TCNA By The Book: Membranes in Steam Shower/Steam Room Application
At Lambert Tile and Stone we install around 30 residential steam showers per year in the mountains of Vail, Colo. Thanks to technology, our steam showers and steam rooms have evolved over the past number of years with better insulating and lower vapor-permeance qualities.
Steam rooms and steam showers have been a popular option in ski resort communities. Resort and hotel spas, as well as fitness centers, offer this amenity for the health benefits steaming provides. This luxury benefit has enticed many people to incorporate steam units into their own homes, and this trend is growing in popularity.
Ninety percent of the steam showers we construct are not continuous-use steam rooms, but master bath and guest suite showers designed with the option to have steam while the occupants shower. Since 90% of our assemblies include rain heads and body sprays, these steam shower designs usually opt for level ceilings. But all of our commercial and residential continuous-use steam rooms are designed with the 2” per foot ceiling slope that is shown in TCNA Handbook methods SR613 and SR614, to minimize condensation from dipping onto occupants.
Regardless of steam room/steam shower design, it is critically important that the enclosure incorporates the correct membrane, since not all membranes are suitable for high-temperature and steam applications. Consult with your technical services department of the manufacturers of materials you are considering to ensure compatibility and permeance performance of the membrane.
The TCNA Handbook for Ceramic, Glass, and Stone Tile Installation contains two methods. Method SR613 is for steam room installations over concrete or masonry, and SR614 is for installations over wood or metal studs. Both methods require a low-perm waterproof membrane meeting ANSI A118.10 applied in a manner specified by the membrane manufacturer to provide a water-vapor permeance rating of 0.5 perms or less. If a perm rating of 0.5 or less is not achievable, the TCNA Handbook also recommends the use of a vapor retarder with a perm rating of 0.1 or less behind the wall assembly. Keep in mind that integrated bonding flange drains should not be used if the vapor retarder behind the wall assembly is required. Waterproofing should not be confused with vapor retarding.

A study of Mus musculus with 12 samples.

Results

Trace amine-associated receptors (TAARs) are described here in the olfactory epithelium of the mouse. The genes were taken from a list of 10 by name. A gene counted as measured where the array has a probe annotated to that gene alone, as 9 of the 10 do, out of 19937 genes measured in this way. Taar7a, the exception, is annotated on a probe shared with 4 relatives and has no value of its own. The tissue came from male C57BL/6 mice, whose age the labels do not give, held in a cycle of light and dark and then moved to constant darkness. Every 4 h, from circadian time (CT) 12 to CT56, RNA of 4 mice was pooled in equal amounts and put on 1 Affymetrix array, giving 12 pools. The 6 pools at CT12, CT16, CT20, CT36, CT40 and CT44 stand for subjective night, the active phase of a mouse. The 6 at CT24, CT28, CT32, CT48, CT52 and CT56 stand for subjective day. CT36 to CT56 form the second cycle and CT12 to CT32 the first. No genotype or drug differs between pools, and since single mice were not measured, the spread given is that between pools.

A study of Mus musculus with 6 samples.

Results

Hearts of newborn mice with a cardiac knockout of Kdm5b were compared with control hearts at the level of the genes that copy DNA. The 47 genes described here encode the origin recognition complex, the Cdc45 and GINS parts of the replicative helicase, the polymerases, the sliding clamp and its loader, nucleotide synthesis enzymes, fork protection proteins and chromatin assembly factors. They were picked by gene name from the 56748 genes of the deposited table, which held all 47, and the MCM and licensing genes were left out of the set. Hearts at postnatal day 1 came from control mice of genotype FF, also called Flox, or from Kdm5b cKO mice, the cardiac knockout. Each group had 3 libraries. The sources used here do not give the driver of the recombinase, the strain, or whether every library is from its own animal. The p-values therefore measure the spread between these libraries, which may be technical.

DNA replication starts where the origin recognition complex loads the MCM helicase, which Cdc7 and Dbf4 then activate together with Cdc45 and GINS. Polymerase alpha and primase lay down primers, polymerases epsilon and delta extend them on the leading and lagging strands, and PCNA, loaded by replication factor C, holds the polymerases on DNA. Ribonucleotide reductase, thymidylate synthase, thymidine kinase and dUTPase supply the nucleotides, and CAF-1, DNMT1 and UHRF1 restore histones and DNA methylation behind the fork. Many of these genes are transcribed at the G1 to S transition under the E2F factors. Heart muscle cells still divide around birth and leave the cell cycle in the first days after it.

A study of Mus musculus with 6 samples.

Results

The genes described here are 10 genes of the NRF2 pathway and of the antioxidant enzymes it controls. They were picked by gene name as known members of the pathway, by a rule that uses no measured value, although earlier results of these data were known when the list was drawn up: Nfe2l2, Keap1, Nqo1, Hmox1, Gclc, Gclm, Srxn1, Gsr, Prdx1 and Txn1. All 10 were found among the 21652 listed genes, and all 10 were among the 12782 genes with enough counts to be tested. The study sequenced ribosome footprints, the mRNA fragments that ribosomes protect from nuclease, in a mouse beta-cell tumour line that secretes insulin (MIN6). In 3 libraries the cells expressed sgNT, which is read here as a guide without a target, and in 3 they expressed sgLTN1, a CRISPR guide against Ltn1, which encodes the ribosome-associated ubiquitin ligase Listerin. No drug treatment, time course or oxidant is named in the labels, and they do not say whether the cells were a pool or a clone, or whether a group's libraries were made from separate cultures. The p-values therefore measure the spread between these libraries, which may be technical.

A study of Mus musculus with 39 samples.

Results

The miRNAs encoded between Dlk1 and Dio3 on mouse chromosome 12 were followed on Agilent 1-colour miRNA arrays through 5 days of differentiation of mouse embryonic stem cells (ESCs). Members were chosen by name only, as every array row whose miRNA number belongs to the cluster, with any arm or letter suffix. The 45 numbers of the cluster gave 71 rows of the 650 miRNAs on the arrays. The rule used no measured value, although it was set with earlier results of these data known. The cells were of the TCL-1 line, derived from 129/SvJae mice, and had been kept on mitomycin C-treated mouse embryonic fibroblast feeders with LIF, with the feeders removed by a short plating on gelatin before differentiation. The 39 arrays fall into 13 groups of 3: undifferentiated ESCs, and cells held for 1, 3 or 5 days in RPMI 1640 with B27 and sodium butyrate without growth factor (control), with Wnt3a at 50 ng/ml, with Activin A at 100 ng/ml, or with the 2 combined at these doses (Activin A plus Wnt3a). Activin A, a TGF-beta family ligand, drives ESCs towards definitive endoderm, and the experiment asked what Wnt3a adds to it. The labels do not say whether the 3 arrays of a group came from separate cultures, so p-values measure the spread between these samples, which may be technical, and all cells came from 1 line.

Organic mastics should never be used in either steam room or steam showers and the use of natural stone in steam environments should be extremely cautioned.
Dan and Elizabeth Lambert of Lambert Tile and Stone located in the Vail Valley of Colorado have been providing high-end residential tile installations since 2000. Dan is a Regional Board Director for the NTCA and sits on the NTCA Methods and Standards Committee and the Technical Committee. Lambert Tile and Stone is a NTCA Five Star Contractor and employs Certified Tile Installers (CTI). Certifying our employees is so important to us that we hosted our own testing site at our warehouse with support from our local community who provided us with the lumber to build our own testing modules. The local tile stores and distributors sponsored all our meals for two days. Having the CTI designation has been a great tool to show our builder community how we support, test and educate our employees.